Q: How many magicians does it take to change a light bulb?
A: Depends on what you want to change it into.
Turns out, weekends are especially hard. On weekdays, I would get up, do chores (mostly dog and chicken related), go to work, then come home. Either Danielle would have supper ready or, increasingly, we would go out because it was too much hassle cooking for two. Then I would settle down to do a little work and Danielle would do her thing until it was time for bed. Our days would overlap mostly at supper. The weekends, though, would be when we did OUR thing.
Danielle: Remember, tonight is Art Walk Friday
Me: Ok, but I’ll be about 6 because I have patients
Danielle: Well don’t be late because we’re meeting folks at the Bike Shop for dinner at 7:30 and I have to see the show at the Skinny Gallery. And then tomorrow we have to go to the symphony, and then…
Even on days like this when I was on call, we would carefully plan our trips and errands around my rounding schedule.
Now I have had to change my weekend routine. Change, as they say, is inevitable.
Q: How many Marxists does it take to change a light bulb?
A: None. The light bulb contains the seeds of its own revolution.
Ranking things seems to be the new “news.” Almost everyone has put together a list of best and worst based on some criteria or another. My kids tell me these are called listicles. having the list without information in the title, so I understand, encourages folks to “click” ensuring more ad revenue. USA Today’s offering today was “The least healthy cities in America.” As everyone in America clicked to find out how their city fared, we in Mobile were (dis)honored to be #4:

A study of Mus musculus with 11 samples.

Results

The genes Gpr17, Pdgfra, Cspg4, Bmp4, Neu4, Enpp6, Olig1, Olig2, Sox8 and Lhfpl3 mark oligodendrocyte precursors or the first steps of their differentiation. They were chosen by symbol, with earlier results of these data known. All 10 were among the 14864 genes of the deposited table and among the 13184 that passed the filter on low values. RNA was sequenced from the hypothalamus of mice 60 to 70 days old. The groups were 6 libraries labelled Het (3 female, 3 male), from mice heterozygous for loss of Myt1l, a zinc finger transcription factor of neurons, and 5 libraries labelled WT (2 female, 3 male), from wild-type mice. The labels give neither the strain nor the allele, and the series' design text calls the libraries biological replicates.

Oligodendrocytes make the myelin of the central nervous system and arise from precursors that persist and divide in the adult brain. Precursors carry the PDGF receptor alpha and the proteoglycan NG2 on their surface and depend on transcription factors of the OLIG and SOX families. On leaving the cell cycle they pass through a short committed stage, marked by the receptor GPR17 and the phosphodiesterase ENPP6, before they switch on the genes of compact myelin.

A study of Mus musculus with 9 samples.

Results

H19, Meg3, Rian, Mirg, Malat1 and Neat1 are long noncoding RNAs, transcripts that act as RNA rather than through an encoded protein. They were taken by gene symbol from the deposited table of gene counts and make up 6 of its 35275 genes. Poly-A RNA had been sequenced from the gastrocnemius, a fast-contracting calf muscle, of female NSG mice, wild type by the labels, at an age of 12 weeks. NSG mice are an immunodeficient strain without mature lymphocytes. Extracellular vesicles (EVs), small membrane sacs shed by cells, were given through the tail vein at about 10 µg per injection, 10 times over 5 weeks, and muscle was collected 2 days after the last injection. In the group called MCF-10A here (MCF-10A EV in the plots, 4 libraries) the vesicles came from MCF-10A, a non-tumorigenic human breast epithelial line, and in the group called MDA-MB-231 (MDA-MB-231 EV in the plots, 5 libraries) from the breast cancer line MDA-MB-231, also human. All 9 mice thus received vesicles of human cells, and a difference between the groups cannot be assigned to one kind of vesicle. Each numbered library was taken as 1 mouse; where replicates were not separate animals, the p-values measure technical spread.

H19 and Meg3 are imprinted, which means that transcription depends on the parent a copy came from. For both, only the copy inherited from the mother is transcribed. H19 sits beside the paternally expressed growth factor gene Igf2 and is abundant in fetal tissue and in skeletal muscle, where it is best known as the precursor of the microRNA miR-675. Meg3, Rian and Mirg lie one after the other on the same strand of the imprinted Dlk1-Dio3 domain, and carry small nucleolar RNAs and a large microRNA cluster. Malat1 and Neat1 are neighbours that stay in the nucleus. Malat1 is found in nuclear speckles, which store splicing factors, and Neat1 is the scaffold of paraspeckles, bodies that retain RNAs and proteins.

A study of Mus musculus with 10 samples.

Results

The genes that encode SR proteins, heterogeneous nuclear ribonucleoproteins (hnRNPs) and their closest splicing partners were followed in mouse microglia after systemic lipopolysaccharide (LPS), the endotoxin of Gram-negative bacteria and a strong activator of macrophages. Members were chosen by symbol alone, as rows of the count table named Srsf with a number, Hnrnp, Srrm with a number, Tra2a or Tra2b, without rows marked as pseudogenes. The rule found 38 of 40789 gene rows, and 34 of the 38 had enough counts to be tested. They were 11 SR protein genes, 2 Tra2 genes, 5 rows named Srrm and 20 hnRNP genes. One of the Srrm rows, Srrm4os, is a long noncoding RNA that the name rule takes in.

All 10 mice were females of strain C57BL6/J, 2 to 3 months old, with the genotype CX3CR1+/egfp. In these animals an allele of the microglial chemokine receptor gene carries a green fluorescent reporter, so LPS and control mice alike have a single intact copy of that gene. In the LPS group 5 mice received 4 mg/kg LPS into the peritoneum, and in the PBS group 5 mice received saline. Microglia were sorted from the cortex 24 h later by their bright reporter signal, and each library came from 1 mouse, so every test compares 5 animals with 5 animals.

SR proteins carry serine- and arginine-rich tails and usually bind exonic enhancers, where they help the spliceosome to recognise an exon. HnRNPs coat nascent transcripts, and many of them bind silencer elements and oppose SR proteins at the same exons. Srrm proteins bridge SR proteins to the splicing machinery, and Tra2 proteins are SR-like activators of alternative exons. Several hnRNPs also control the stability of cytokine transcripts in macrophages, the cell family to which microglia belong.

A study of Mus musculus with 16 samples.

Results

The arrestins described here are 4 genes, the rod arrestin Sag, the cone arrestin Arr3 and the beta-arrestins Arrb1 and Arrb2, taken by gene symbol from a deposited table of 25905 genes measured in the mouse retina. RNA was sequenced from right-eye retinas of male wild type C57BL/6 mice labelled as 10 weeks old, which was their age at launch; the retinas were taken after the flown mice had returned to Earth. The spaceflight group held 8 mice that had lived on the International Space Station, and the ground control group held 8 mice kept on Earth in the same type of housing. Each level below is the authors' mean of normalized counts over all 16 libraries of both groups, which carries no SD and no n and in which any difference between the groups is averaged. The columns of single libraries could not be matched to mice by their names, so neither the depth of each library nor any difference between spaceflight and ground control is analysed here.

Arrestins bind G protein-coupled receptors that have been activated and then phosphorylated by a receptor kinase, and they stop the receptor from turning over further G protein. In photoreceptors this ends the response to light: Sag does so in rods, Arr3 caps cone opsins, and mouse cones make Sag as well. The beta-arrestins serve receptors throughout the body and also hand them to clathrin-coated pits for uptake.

4. Mobile, Ala.
>Premature death rate: 490.3 per 100,000
> Adult obesity rate: 36.1%
> Pct. adults without health insurance: 12.9%
> Poverty rate: 19.9%
The average Mobile adult feels in poor mental shape for five days a month on average, far longer than the 3.5 days the average American feels in such a state. Poor mental health outcomes in Mobile may be tied to multiple unhealthy behavioral and socioeconomic factors in the area.
Mobile’s 36.1% obesity rate and 29.6% inactivity rate are both far higher than the corresponding national figures. Additionally, nearly one-fifth of area residents live in poverty, and 7.0% of the workforce is unemployed, each some of the highest such figures in the country.
The results of that survey, Perkins said, made it clear that Mobilians suffer from poor mental and physical health in large part because the city’s built environment is not conducive to being active. Access to healthy foods in poor neighborhoods is also poor, he said.
If Mobile wants to work its way off these lists, it’ll take change (see figure). We’ll need to invest in infrastructure such as parks and bike lanes so people make healthier choices. Increase the minimum wage so folks have time to use these amenities to get and stay healthy. Expand Medicaid so folks are not one illness away from bankruptcy. Focus our care delivery system on health instead of on making money off of illness. In other words, while change may not be inevitable for Mobilians, it is the only way to get off of these lists.
Or, we could just double down on our football success:
HOW MANY SEC STUDENTS DOES IT TAKE TO CHANGE A LIGHT BULB?
At ALABAMA: It takes five, one to change it, three to reminisce about how The Bear would have done it, and one to throw the old bulb at an NCAA investigator.